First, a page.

In a report yesterday the New York Times revealed that the Stuxnet worm may have been designed by the Israelis with the aid of U.S. intelligence. The worm raised alarm bells in the cyber-security community last year when it attacked nuclear power facilities in Iran.
Stuxnet was designed to effect computer control systems manufactured by the German company Siemens. Such systems are used around the world to manage critical infrastructure like water supplies and power plants.
There have been incidents of the Stuxnet worm appearing in the United States, India, Germany, Australia, Finland and the U.K. among other countries. But Iran has suffered a higher incidence of attacks than all other countries combined with some 62,867 computers having been infected. It is believed that the purpose of the attacks against Iran was to spin the centrifuges of nuclear power facilities out of control and cripple Iran's attempts to develop nuclear weaponry.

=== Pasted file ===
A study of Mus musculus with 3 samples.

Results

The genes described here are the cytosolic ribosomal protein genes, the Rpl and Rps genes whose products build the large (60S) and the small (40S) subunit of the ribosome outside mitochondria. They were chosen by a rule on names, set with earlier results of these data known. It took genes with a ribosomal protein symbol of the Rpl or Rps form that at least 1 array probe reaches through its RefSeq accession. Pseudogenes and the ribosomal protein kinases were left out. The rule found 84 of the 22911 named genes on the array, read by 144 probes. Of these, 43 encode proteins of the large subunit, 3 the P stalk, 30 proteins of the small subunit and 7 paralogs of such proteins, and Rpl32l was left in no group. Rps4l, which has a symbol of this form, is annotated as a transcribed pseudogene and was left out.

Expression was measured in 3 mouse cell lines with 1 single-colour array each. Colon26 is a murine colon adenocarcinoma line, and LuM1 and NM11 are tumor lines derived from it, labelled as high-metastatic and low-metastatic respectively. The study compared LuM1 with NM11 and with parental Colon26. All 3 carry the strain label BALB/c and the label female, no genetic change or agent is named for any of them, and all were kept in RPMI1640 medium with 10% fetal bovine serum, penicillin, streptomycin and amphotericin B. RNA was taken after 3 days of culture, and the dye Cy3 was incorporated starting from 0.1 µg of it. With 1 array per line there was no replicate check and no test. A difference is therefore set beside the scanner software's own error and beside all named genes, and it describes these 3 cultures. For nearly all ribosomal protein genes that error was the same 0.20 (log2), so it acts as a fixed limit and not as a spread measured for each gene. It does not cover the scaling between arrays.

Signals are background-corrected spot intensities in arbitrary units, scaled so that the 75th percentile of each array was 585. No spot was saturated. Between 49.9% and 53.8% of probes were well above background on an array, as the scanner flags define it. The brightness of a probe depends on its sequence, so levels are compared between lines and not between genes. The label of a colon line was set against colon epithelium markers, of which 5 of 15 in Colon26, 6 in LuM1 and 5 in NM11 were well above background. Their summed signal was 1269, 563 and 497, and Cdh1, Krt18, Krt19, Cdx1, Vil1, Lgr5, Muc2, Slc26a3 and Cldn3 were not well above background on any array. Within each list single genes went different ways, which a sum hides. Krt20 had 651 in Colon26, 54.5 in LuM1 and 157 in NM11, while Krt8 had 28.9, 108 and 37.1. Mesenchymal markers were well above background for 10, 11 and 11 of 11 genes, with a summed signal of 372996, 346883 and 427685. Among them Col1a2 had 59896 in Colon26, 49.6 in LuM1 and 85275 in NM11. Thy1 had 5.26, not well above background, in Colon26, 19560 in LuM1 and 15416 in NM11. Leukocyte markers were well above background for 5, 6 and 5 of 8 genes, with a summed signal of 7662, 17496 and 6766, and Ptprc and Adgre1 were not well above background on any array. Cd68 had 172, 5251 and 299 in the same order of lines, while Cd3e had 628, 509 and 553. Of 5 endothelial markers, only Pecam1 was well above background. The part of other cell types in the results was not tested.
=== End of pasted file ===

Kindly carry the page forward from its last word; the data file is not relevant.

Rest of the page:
If these allegations about the U.S. and Israel prove true, as they very likely are, it represents a good illustration of the changing manner in which espionage and covert military operations will be conducted in the 21st century. Tasks that would once have been accomplished by commando raids or black-ops spy teams can now be handled by professional hackers in government employ.
The attacks against Iran's nuclear facilities which took place last summer are thought to have been a kind of test run. What Stuxnet's creators, whoever they really are, ultimately have in mind for the worm remains unclear. However if it is Israeli in origin than the prevention of Iran from attaining nuclear arms is one likely objective.